European Commission 2013 Progress Report handled positively Turkey's "democratisation package" announced on September 30, as well as acknowledging the progress achieved on important requirements as regards the judiciary and fundamental rights.
Revealed on Wednesday, the report covered the democratisation package in detail.
"Implementation in cooperation with stakeholders and in line with European standards will be key," said the report.
"Overall, the government continued to express its commitment to further democratisation and political reforms," the report said.
The report gave a wide coverage to the 4th Judicial Reform Package and said, "Implementation of these legal changes in line with European standards should lead to a significant improvement in the level of respect for freedom of expression in Turkey."
'Gezi Park' demonstrations were peaceful except for a small number of violent protesters
Touching on the Gezi Park protests in May, the report said, "Protests started against an urban development project in Gezi Park in the centre of Istanbul. The protests grew, encompassing broader demands and spreading to other cities. Overall, the demonstrations were peaceful, despite the involvement of a small number of violent protesters. At several instances the police used excessive force against demonstrators."
"There is a growing and active civil society in Turkey. The Gezi Park protest in Istanbul and related protests across Turkey from May-June reflected the emergence of vibrant, active citizenry."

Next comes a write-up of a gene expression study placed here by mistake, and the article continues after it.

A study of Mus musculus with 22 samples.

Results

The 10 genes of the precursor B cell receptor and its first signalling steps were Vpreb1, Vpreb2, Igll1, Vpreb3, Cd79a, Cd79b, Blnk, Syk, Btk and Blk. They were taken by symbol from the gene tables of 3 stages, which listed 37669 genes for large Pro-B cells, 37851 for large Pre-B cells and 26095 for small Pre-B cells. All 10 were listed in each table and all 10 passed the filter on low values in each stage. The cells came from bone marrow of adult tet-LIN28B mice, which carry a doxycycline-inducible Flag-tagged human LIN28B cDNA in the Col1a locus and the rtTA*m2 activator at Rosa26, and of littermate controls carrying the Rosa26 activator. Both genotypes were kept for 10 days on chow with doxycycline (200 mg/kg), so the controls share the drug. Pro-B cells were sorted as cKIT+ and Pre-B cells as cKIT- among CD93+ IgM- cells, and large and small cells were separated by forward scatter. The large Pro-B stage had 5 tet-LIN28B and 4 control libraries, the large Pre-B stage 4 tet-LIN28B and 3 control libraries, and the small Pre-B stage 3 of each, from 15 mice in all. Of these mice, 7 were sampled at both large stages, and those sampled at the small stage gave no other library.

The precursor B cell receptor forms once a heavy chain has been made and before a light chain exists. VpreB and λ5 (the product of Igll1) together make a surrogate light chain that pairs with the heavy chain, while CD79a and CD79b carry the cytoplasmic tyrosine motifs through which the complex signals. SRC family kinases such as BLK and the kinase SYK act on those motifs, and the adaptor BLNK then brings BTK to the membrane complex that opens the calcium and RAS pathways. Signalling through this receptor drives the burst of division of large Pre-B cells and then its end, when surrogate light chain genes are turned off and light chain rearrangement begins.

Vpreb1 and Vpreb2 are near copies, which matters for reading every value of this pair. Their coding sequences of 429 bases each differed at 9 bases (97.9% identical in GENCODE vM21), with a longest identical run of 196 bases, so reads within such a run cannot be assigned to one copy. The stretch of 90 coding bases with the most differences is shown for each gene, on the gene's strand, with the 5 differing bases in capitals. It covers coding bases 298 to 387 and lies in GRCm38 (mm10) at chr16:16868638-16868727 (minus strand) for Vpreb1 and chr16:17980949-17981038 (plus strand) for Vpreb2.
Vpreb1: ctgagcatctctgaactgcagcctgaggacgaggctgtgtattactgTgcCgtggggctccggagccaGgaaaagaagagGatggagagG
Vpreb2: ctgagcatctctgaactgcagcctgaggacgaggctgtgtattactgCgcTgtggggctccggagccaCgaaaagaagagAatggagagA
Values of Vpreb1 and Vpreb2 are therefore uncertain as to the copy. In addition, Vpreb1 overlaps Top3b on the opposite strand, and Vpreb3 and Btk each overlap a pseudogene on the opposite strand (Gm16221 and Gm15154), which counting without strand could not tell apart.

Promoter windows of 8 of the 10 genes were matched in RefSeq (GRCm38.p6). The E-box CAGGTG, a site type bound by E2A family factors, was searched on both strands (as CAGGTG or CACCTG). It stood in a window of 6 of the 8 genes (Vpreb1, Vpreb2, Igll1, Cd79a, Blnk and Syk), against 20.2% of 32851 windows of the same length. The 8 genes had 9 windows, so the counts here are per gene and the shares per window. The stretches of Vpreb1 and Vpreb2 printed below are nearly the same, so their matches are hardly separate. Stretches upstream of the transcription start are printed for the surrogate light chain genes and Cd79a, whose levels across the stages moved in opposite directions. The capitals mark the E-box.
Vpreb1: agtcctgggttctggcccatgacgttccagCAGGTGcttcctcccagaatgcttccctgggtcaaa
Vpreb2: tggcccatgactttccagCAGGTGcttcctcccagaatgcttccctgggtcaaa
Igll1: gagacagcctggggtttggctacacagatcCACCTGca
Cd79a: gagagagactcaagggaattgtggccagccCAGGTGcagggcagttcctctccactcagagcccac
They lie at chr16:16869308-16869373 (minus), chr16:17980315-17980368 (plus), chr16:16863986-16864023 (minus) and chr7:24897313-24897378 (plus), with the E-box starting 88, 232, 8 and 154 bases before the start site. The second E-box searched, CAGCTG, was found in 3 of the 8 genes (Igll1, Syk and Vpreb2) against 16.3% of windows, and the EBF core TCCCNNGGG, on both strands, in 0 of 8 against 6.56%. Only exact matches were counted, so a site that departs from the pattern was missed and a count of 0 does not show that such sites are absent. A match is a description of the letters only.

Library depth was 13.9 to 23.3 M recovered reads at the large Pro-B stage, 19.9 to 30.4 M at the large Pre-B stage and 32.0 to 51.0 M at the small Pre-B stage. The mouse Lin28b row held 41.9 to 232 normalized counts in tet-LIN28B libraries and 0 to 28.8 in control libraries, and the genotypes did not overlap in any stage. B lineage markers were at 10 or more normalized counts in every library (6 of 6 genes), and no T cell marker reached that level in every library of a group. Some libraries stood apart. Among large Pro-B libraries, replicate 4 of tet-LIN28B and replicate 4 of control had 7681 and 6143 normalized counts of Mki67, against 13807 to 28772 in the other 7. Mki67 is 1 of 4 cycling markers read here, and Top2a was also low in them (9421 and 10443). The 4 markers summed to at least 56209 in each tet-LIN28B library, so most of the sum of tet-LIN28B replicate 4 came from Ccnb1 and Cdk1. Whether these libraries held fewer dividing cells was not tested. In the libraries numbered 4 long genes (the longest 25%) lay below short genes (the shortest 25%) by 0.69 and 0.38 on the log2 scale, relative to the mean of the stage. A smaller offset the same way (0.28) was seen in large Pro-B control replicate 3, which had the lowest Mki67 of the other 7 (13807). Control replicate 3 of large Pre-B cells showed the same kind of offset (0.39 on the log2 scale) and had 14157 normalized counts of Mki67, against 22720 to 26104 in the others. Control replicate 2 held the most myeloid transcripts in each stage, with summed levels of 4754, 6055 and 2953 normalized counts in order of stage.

The report also suggests Turkey to improve government-civil society and parliament-civil society relations through systematic, permanent and structured consultation mechanisms at policy level.
Consensus was limited to 60 articles on a new Constitution
2013 Progress Report touched on the work on a new Constitution which was carried out in the Parliamentary Conciliation Committee, on which all four political parties were represented equally.
"The Committee reached consensus, in principle, on close to 60 articles, including a number of provisions regarding the protection of fundamental rights and freedoms. There was no consensus on key political issues such as the separation of powers or a new definition of citizenship without ethnic references, a central demand of the pro-Kurdish Peace and Democracy Party (BDP)."
The report pointed out that clarity and transparency on procedure and follow-up was lacking in constitution work.
Start of 'peace process' was a turning point
"The government expressed determination to bring an end to terrorism and to provide safe passage for members of the outlawed Kurdistan Workers’ Party -- or PKK which is on the EU list of terrorist groups -- leaving the country," said the report referring to government's initiative to end decades of armed conflict with PKK.
The report underlined that the start of peace process was a turning point and met strong engagement from Turkey's Kurdish actors.
Stressing that the launch of peace process raised considerable hope, the report said the tension, violence, and terrorist activity of 2012 virtually ceased.
The report, on the other hand, criticised the "widespread self-censorship by media owners and journalists" and said, "Statements of state officials had a chilling effect and instigated investigations by public prosecutors. Moreover, state officials themselves continued to launch suits against critical journalists and writers. This, together with the high concentration of media ownership in the hands of industrial conglomerates with interests going far beyond the free circulation of information, continued to lead to widespread self-censorship by media owners and journalists."
As for the alleged deep-state criminal network of Ergenekon, the report said, "The ruling (by the Istanbul Serious Crimes Court) acknowledges the existence of a criminal network aiming to undermine democratically elected governments.